It’s time for Illinois lawmakers to move beyond state-sanctioned medical marijuana and, as they say, legalize it.
At least that’s according to four Chicago-area Democrats who hold elected public offices. The group held a press conference Monday at the Cook County building, calling for the state to decriminalize marijuana possession and — eventually — legalize recreational use of the leafy plant.
“The main difference between the War on Drugs and Prohibition is that, after 40 years, this country still hasn’t acknowledged that the War on Drugs is a failure,” Cook County Commissioner John Fritchey said, drawing a parallel with the outlawing of booze in the early 20th Century.
Illinois is already in the process of making medical pot available to those with a so-called legitimate need.
But backers of the budding effort — including Chicago-area state representatives Mike Zalewski, Kelly Cassidy and Christian Mitchell who also appeared with Fritchey at the news conference — cited a bevy of statistics that suggested pot legalization could help solve more than just medical ailments.
For example, racial minorities are often the target of enforcement efforts, they say. Meanwhile, their white counterparts are not arrested to the same degree for marijuana possession, they say.
“You’ll see people getting swept off the streets on a daily basis on the South Side and the West Side. You don’t see kids getting arrested in Lincoln Park,” said Fritchey, who is a former legislator.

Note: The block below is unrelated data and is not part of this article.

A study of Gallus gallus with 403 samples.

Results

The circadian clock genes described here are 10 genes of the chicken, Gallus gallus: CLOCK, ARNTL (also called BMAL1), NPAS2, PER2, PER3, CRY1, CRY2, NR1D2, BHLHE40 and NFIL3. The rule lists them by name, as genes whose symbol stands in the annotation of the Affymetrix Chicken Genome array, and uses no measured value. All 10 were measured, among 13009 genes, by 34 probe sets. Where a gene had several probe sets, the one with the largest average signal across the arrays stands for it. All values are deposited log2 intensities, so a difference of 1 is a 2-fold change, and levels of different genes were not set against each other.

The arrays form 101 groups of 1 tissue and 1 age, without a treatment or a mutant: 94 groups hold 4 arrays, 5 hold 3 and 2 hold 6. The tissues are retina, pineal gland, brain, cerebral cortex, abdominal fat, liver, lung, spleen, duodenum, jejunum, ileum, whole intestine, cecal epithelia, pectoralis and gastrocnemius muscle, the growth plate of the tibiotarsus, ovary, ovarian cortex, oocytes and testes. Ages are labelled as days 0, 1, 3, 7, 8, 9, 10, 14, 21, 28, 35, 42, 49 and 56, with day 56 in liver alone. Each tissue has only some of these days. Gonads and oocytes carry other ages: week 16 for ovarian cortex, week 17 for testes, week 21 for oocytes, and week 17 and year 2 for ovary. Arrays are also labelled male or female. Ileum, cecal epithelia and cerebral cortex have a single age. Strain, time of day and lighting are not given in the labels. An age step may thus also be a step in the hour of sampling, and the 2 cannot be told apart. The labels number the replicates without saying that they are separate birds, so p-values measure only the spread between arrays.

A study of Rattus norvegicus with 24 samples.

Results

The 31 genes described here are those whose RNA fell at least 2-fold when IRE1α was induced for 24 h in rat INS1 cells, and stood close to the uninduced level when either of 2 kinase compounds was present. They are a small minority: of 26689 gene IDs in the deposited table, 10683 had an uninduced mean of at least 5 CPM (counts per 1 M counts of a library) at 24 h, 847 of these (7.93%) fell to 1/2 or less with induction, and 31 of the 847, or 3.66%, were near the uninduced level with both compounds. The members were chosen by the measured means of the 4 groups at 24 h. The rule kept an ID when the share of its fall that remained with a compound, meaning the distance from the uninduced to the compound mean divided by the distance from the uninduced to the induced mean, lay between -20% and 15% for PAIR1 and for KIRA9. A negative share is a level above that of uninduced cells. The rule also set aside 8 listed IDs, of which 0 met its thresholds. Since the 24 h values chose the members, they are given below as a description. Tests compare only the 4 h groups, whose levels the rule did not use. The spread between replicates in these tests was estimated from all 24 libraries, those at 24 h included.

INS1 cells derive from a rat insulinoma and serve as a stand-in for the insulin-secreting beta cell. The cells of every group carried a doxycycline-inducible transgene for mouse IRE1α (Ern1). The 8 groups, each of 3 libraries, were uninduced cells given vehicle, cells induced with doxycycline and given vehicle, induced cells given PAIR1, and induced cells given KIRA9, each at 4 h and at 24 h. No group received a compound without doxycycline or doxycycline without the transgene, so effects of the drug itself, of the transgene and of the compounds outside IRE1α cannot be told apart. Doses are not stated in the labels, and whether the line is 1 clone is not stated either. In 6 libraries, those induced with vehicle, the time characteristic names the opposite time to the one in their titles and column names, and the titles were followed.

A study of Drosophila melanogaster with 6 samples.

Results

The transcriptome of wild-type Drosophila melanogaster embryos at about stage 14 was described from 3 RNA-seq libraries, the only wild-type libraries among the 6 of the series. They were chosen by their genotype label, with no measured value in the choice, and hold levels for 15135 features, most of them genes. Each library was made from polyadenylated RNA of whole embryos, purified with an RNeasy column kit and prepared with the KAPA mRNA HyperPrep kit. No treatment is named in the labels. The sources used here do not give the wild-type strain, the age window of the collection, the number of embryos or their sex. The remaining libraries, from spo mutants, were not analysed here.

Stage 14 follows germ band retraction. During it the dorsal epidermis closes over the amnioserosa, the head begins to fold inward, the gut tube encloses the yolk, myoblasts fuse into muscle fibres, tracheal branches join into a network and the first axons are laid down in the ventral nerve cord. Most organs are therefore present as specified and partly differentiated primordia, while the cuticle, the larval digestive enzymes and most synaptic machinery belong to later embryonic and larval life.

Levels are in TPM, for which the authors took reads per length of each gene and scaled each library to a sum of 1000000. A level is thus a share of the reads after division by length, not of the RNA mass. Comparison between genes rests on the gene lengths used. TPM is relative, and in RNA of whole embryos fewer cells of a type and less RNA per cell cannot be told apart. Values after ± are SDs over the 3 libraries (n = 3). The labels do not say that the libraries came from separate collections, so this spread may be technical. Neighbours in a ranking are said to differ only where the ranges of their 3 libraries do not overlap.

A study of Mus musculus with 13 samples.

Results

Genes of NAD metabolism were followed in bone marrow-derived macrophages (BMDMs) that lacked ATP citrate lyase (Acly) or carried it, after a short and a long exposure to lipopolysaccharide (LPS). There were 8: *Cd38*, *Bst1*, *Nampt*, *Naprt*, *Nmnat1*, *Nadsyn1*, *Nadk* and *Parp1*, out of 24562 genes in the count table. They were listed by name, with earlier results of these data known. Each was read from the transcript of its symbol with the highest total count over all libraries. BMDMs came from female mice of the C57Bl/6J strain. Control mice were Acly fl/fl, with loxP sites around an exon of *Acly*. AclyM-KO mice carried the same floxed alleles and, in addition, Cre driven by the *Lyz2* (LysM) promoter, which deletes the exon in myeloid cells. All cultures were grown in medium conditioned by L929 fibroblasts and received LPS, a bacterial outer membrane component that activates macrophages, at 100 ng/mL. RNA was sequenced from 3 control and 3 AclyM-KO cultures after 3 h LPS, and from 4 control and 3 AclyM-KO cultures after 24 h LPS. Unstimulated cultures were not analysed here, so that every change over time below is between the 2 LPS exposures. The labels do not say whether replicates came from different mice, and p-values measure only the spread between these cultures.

But anyone pining for statewide legalization should probably sit down, order a pizza and chill.
The group has yet to drop a bill in Springfield to legalize the drug and, in reality, substantive change is likely a ways off, the group acknowledged. At this point they just want fellow Democrats in the General Assembly to green-light a task force to study the issue. The hope, they say, is that Illinois will eventually develop a more laissez-faire approach to pot, which for now is classified a “dangerous” Schedule I narcotic by the federal government.
Voters in Washington state and Colorado recently passed measures at the ballot box that did just that, though the new marijuana laws in those states are in conflict with federal drug laws.
In Illinois, action by state lawmakers would be required; the state does not have as robust a referendum and initiative process as the other two states, proponents said.
One upshot of legalization is that cash-strapped state and local governments could tax weed sales, delivering useful cash at a time when many are struggling to find new sources or revenue.
Still, any push to decriminalize or legalize pot would draw opponents.
The Illinois Association of Chiefs of Police is one. Stopping drivers from driving while high would be a big concern for law enforcement, said John Kennedy, executive director for the group.
“We have a problem with driving under the influence on our highways and this is going to make it much, much worse,” Kennedy said.
Kennedy was also skeptical about the suggestion that legalization of weed could free cops up to bust bigger criminals instead of low-level pot smokers.
“In theory, it’s a possibly. But I don’t think it is in reality,” he said, adding that pot can be a gateway to more dangerous drugs.
Still, backers say public opinion is already swaying to their side.
“Public opinion moves much more quickly than legislators’ [opinions],” said Cassidy. If marijuana is decriminalized, she added: “The sky won’t fall.”